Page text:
Shoppers began lining up for the annual Tomato Plant Sale 45 minutes before it opened to the public. It didn’t take long before the checkout line began to snake all the way to the back of the industrial center parking lot at 1710 Soscol Ave.

The University of California Master Gardeners of Napa County, which puts on the sale each year, arrived even earlier. They began setting up the night before, but returned before 6 a.m. Saturday to set up the nearly 6,000 plants of 26 varieties that they had grown for this year’s sale, said Barb O’Meara, chair of the sale.

Last year, the UC Master Gardeners sold out of its stock an hour and a half after opening to the public. Six hundred shoppers came in the first hour and registers handled a transaction per minute.

“The tomato sale, it’s a wild ride,” she said. “It is ‘Go as fast as you can, for as long as you can.’”

But the time and planning that goes into making the sale happen begins long before its Saturday sale, O’Meara said. The process starts two weeks after the sale, when gardeners take stock of what varieties their customers liked best last year and which varieties sold out the fastest. That helps them decide what to grow next year, she said.

This year’s bounty included Bloody Butcher red tomatoes, Cherokee Purples, Green Zebras and Brad’s Atomic Grape cherry tomatoes. Tomato plants went for $4, and for the first time, gardeners also sold basil plants for $2.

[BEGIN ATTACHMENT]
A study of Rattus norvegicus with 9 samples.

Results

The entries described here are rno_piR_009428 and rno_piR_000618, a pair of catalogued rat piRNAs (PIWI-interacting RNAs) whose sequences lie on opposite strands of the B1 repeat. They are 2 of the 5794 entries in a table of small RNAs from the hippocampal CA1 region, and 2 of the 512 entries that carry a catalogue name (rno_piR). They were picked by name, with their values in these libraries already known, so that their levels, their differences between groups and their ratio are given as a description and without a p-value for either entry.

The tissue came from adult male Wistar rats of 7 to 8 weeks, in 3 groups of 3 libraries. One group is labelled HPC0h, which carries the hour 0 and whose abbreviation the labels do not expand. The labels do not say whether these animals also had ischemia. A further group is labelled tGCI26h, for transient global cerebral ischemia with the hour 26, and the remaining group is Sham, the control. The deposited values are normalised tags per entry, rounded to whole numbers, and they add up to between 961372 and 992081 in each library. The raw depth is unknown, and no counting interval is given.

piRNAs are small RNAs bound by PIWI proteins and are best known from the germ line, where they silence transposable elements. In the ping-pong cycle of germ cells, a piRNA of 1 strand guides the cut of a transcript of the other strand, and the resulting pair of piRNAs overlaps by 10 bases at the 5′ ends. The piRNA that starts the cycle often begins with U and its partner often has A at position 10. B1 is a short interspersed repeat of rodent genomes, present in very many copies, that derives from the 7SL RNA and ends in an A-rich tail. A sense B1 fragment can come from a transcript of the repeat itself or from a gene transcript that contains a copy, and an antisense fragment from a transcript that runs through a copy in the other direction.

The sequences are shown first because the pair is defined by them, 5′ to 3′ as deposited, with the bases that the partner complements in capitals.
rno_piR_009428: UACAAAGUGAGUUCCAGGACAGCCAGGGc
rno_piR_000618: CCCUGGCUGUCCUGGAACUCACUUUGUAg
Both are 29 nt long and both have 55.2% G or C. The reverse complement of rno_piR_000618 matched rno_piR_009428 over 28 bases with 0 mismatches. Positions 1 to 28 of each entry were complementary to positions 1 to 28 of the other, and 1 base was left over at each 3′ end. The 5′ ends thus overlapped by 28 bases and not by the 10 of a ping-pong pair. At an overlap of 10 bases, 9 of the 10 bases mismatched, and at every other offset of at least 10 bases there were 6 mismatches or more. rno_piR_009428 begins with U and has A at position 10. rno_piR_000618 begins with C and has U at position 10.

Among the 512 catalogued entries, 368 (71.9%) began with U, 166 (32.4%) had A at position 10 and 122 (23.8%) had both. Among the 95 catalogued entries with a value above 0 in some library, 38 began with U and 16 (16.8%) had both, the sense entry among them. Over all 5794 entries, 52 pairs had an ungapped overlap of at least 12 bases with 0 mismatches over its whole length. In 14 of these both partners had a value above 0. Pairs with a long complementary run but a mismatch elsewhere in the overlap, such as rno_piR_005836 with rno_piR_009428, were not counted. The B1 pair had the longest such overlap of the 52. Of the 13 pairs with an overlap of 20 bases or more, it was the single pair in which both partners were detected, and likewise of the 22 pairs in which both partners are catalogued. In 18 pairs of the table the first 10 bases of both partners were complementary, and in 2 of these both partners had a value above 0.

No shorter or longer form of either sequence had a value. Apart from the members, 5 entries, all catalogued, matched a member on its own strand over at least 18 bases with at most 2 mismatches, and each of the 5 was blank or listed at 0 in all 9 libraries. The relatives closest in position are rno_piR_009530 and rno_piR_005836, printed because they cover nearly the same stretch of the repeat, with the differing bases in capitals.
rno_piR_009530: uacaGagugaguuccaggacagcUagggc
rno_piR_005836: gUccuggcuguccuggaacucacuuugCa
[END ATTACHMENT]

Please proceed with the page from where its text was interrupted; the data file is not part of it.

Some people may not even eat the tomatoes, but grow them because of their color and beauty, O’Meara said.

“Who doesn’t love a tomato?” she said.

Master gardeners meandered about the sale, offering red balloons to kids and answering questions for shoppers in line.

Gabe Pack of Napa loaded up his wheelbarrow with varieties such as Giant Syrian and Marianna’s Peace. He grabbed 24 plants that he plans to harvest in the late fall or winter. Saturday marked his fourth year coming to the sale, which he said seemed more popular than ever.

Pack said he loved the flavor and complexity of the sweet, savory and acidic tomatoes. Other places don’t sell tomatoes that compare, he said.

Napa resident Brandie Sylva agreed. She was among the first round of shoppers to show up and held a cardboard box of five plants, including Summer of Love and Chocolate Stripe tomatoes.

“The taste is amazing,” Sylva said. “You can’t get these kind of tomatoes at Home Depot.”

The sale had tomato varieties even for shoppers like Napa resident Michele Lofstrom, who had limited space to grow. She mainly stuck to smaller, cherry varieties.

“They’re just like candy,” she said.

Growing tomatoes at home

Napa Valley is home to many microclimates, so different tomatoes grow well in different parts of the county, Master Gardener O’Meara said.

“It’s location, location, location,” she said.

Gardeners should first figure out where they get 10 hours of full sun per day, then decide how much space they have. That determines whether they can grow heirloom or larger pound-to-two-pound tomatoes, she said.

If gardeners don’t get 10 full hours of sun, some varieties, such as cherry tomatoes, could grow with about seven hours of sun.

April 13 marked Napa County’s last frost date, she said. That means gardeners are free to plant their tomatoes.

Plants should always be bought from local nurseries, where vendors can advise customers based on the area that they’re in, O’Meara said. Avoid plants that are distributed nationally, because they might not work in all climates.


Courtney Teague is the Napa Valley Register public safety reporter. She can be reached at 707-256-2221. You can follow her reporting on Twitter and Facebook, or send her anonymous tip at: tinyurl.com/anonymous-tipbox-courtney.